Cecilia (Mia Farrow) works as a waitress and is married to Monk (Danny Aiello), a boorish cad who has been unemployed for two years. The setting is New Jersey during the Depression. Like thousands of other women of the period, Cecilia finds in movies an escape from the hardship and dimness of her everyday life.
A certain romantic adventure film, "The Purple Rose of Cairo," appeals to her so much that she has seen it five times. Imagine Cecilia's surprise when Tom Baxter (Jeff Daniels), the dashing lead character in the tale, literally steps off the screen and walks into her life! He feels trapped by the drama and wants to experience something more.
Cecilia is dazzled by Baxter's "magnetic glow," and the two fall in love. Meanwhile, back at the movie theatre, the rest of the cast of "The Purple Rose of Cairo" stop performing the drama and begin bickering among themselves and criticizing the audience.
In Hollywood, the panicked producers send Gil Sheperd (also Jeff Daniels), the actor who plays Baxter, East to locate the wayward character. The smooth-talking celebrity begins to woo Cecilia. Baxter reacts by whisking her away into the movie, convinced that she will find the fantasy world of champagne and romantic adventure more satisfying that her dull everyday existence. In the end, Cecilia must choose between Baxter, Shepherd, and Monk.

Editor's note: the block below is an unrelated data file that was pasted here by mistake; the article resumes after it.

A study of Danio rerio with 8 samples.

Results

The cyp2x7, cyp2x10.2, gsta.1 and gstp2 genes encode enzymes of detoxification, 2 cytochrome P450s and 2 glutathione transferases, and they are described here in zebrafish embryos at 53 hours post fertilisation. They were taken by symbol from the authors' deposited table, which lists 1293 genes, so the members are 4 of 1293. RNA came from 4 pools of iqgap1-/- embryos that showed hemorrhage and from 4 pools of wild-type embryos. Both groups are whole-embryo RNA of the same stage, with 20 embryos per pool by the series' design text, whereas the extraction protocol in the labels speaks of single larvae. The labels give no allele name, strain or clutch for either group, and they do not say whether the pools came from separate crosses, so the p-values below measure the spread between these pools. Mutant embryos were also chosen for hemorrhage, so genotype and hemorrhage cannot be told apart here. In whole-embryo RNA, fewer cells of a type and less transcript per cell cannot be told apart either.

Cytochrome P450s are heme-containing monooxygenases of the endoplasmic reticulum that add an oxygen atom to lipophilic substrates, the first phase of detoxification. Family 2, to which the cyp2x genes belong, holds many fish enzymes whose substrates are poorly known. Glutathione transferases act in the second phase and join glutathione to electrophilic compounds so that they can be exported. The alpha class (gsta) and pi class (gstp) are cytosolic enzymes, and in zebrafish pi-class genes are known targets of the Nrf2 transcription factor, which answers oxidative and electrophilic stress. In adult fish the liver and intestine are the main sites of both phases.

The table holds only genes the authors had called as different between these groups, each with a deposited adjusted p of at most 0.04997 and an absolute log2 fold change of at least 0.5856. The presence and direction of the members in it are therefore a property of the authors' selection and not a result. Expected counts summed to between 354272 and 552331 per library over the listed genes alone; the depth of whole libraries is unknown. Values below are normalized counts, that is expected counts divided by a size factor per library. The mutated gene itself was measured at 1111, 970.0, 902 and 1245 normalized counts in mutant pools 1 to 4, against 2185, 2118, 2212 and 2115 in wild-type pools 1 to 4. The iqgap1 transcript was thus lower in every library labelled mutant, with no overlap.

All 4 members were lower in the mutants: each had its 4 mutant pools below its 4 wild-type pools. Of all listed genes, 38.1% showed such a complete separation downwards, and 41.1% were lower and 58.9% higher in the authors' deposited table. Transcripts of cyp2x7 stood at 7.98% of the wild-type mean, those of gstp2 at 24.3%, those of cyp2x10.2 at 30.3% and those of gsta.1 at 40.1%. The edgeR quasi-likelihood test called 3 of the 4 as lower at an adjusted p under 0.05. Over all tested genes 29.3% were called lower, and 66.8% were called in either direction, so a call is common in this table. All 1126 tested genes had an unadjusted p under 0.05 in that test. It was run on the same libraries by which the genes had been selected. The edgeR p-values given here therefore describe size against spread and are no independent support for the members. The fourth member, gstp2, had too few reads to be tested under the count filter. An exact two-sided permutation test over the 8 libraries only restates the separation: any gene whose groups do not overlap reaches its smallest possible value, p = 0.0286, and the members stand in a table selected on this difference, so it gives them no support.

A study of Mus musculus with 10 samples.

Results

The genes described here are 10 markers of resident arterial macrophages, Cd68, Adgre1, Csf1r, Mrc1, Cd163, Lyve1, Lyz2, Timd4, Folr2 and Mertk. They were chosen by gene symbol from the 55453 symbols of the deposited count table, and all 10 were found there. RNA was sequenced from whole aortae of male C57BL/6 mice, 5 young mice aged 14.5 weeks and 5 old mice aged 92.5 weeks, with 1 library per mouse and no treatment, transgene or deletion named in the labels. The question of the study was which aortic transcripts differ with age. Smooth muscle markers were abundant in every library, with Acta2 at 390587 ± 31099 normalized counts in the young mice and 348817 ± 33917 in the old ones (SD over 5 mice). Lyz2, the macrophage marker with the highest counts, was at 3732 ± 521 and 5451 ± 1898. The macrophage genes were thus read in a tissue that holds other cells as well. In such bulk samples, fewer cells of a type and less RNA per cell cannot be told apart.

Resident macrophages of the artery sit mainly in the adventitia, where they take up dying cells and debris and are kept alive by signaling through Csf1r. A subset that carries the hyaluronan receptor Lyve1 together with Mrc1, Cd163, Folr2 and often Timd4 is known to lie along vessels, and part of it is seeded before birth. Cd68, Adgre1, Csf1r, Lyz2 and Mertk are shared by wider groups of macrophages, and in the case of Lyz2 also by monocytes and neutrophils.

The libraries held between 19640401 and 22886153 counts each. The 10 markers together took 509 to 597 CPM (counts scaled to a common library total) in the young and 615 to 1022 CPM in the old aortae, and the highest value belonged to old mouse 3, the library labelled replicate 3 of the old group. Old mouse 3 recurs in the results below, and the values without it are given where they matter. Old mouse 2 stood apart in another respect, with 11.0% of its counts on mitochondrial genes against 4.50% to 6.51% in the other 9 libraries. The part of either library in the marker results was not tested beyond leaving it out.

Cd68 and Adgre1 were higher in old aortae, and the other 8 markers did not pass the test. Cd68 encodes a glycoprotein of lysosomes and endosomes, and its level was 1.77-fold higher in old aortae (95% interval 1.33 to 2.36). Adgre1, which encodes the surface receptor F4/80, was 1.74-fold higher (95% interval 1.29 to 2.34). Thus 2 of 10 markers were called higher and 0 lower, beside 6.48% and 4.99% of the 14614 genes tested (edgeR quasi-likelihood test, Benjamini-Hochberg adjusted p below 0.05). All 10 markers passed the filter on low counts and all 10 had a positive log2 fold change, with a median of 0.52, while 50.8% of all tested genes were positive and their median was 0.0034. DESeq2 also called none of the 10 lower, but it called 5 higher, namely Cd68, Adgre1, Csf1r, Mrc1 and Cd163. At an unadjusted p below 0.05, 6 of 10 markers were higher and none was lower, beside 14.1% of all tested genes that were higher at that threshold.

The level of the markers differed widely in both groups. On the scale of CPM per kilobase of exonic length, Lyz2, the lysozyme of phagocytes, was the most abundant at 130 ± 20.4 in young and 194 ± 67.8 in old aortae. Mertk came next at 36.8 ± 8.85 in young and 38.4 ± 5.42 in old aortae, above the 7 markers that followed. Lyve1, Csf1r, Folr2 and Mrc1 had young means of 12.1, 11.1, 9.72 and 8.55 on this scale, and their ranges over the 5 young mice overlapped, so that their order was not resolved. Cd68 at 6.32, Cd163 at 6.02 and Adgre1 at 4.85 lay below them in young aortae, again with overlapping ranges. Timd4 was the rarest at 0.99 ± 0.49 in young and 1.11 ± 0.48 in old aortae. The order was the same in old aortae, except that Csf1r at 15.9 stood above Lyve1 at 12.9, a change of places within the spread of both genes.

The Purple Rose of Cairo is an involving, imaginative, and entertaining work teeming with acerbic insights into the interplay between movies and life. With this film, director Woody Allen makes public the elements of his lover's quarrel with movies and provokes us to consider afresh the star system, the goals of producers, the needs of the audience, and the daydreams of film buffs.
Mia Farrow as Cecilia shines with the innocence and wonder of a true film lover. Jeff Daniels as Baxter and Shepherd exudes the charm and egotism of the two characters he portrays. A special treat is watching the rest of the cast of Cecilia's favorite film (Edward Hermann, John Wood, Deborah Rush, Annie Joe Edwrds, Zoe Caldwell, and Karen Akers) trade barbs. In all categories, The Purple Rose of Cairo qualifies as a thoroughly enchanting work of art by one of our finest moviemakers.